Today's presenters, Sam Lanahan and LaJean, unveiled Sam's so far unnamed invention, a building system based on a meshwork of tensile and compressive elements. The several Made in China plastic prototypes (plus the welded metal one) provided interesting visuals, plus LaJean's slides were distributed as bound color hand-outs. We failed to solve the projector puzzle (the mouse cursor froze every time we connected it to the PowerBook).
We used the occasion to stream video (with audio) to/from Terry, vacationing with family on the Oregon coast. Both ends used Apple laptops running iChat, with vidcams connected by firewire. Down the road we plan to host multiple real time clients, funds permitting. Don and I agree our setup was too obtrusive; we'll try a different arrangement at our next opportunity (maybe shoot from the side office, putting the computer on Terry's desk?).
Does Sam's invention have commercial (.com) or military (.mil) applications? Might NGOs use it in emergency relief situations (.org)? Possibly. David Feinstein's earlier remark, that it's a solution in search of a problem, seems on target. However David Ulmer felt it'd be of immediate relevance as a teaching tool and encouraged Sam to make it available to universities (.edu).
I enjoyed catching up with Julian after so long -- he's been very busy with his hemoglobin sculpture, nearly finished. He's hoping to meet up with Kenneth Snelson this fall. Sam, a long time student of tensegrity, would like to meet Ken as well.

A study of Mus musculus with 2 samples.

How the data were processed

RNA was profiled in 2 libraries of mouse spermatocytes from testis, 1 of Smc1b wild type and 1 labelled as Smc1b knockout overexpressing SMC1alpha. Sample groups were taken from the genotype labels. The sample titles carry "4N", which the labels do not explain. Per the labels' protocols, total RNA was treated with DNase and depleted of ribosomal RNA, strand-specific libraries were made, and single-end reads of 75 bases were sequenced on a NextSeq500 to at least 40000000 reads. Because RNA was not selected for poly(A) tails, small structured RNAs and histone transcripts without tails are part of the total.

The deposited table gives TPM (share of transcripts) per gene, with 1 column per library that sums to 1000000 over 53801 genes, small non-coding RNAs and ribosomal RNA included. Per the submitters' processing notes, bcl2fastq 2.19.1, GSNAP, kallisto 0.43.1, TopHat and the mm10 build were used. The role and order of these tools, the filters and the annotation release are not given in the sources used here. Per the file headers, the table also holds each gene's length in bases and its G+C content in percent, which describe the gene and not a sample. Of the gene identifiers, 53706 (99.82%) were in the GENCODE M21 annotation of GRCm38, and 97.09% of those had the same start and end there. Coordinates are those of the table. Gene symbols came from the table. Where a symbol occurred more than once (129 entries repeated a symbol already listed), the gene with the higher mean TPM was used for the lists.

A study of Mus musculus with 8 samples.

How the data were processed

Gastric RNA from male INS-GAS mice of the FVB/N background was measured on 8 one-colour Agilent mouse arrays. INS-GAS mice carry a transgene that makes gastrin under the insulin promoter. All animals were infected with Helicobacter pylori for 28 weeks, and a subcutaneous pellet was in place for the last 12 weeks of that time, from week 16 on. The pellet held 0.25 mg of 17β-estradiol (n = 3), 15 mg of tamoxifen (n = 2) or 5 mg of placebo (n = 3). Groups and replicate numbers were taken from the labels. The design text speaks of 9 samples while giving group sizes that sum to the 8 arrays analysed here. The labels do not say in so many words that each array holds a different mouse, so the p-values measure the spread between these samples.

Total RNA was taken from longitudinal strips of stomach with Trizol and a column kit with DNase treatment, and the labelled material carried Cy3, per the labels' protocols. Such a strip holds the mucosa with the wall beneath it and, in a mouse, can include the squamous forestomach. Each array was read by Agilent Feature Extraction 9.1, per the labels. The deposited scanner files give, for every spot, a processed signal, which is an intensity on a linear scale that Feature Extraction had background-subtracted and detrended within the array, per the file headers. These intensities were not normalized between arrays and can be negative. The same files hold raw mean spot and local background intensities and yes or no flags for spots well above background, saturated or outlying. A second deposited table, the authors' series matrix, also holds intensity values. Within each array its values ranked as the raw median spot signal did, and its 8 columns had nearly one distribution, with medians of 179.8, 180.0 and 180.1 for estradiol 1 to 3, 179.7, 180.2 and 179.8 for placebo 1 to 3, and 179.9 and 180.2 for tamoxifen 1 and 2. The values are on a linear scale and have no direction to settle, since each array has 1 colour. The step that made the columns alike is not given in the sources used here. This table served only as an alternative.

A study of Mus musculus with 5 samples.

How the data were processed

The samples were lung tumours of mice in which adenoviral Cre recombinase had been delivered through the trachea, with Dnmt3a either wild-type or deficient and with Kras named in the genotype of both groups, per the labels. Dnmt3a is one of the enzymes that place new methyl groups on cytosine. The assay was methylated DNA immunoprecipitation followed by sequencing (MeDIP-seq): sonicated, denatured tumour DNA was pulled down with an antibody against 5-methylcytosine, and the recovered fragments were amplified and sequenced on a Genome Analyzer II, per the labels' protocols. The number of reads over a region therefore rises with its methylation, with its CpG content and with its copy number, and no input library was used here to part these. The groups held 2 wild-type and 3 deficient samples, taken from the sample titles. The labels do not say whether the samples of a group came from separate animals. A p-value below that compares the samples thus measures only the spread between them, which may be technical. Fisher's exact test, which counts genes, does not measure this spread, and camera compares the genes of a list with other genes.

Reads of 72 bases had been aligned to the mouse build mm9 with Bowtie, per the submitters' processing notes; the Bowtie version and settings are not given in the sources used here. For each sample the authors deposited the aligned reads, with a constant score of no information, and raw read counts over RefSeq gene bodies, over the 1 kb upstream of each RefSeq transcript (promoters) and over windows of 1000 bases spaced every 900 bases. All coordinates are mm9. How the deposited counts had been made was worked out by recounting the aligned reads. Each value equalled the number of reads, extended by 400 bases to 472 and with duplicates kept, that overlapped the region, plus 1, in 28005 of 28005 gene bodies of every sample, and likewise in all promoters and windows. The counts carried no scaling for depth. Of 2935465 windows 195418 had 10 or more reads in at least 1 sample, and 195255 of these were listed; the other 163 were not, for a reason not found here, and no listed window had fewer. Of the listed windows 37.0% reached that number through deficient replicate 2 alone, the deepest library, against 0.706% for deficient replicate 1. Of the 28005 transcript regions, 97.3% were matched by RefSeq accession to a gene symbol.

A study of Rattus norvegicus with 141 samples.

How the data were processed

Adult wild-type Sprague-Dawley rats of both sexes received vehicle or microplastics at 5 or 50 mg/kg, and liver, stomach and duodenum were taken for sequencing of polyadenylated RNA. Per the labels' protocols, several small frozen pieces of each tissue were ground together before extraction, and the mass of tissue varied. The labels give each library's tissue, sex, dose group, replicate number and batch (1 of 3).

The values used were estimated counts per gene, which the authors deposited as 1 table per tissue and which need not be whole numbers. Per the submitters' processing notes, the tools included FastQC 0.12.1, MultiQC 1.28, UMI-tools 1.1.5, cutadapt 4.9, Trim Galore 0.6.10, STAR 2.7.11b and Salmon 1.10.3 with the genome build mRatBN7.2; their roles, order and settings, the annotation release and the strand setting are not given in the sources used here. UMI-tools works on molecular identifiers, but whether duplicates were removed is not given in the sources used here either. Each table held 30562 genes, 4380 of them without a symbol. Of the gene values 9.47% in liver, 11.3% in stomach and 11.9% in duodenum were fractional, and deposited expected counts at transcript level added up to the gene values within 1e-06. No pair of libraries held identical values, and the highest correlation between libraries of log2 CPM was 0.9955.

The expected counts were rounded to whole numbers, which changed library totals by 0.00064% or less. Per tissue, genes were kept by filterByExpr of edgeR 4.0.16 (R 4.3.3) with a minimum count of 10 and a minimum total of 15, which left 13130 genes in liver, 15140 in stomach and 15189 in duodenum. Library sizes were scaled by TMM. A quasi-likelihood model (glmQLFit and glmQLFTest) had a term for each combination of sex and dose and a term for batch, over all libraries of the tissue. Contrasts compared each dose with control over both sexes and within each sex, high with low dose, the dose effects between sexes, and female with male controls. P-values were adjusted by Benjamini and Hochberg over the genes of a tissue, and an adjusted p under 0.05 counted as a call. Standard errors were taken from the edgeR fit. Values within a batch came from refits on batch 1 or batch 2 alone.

I watched Cinderella Man at the Bagdad last night; Russell Crowe goes back to playing a gladiator, after playing a mathematician in between (link: a spoof with no Netflix listing -- sigh). What's more hypocritical than an adult who decries violent video games and then pays to watch this barbaric sport, wherein the injuries are real? Million Dollar Baby was just as depressing. NBC's The Contender: pure exploitation.
I'm enjoying Agile Web Development with Rails, purchased at OSCON. Powell's sold a ton of 'em, thanks to Ruby's high profile at this conference. Unfortunately, none of my ISPs currently support the Ruby on Rails option.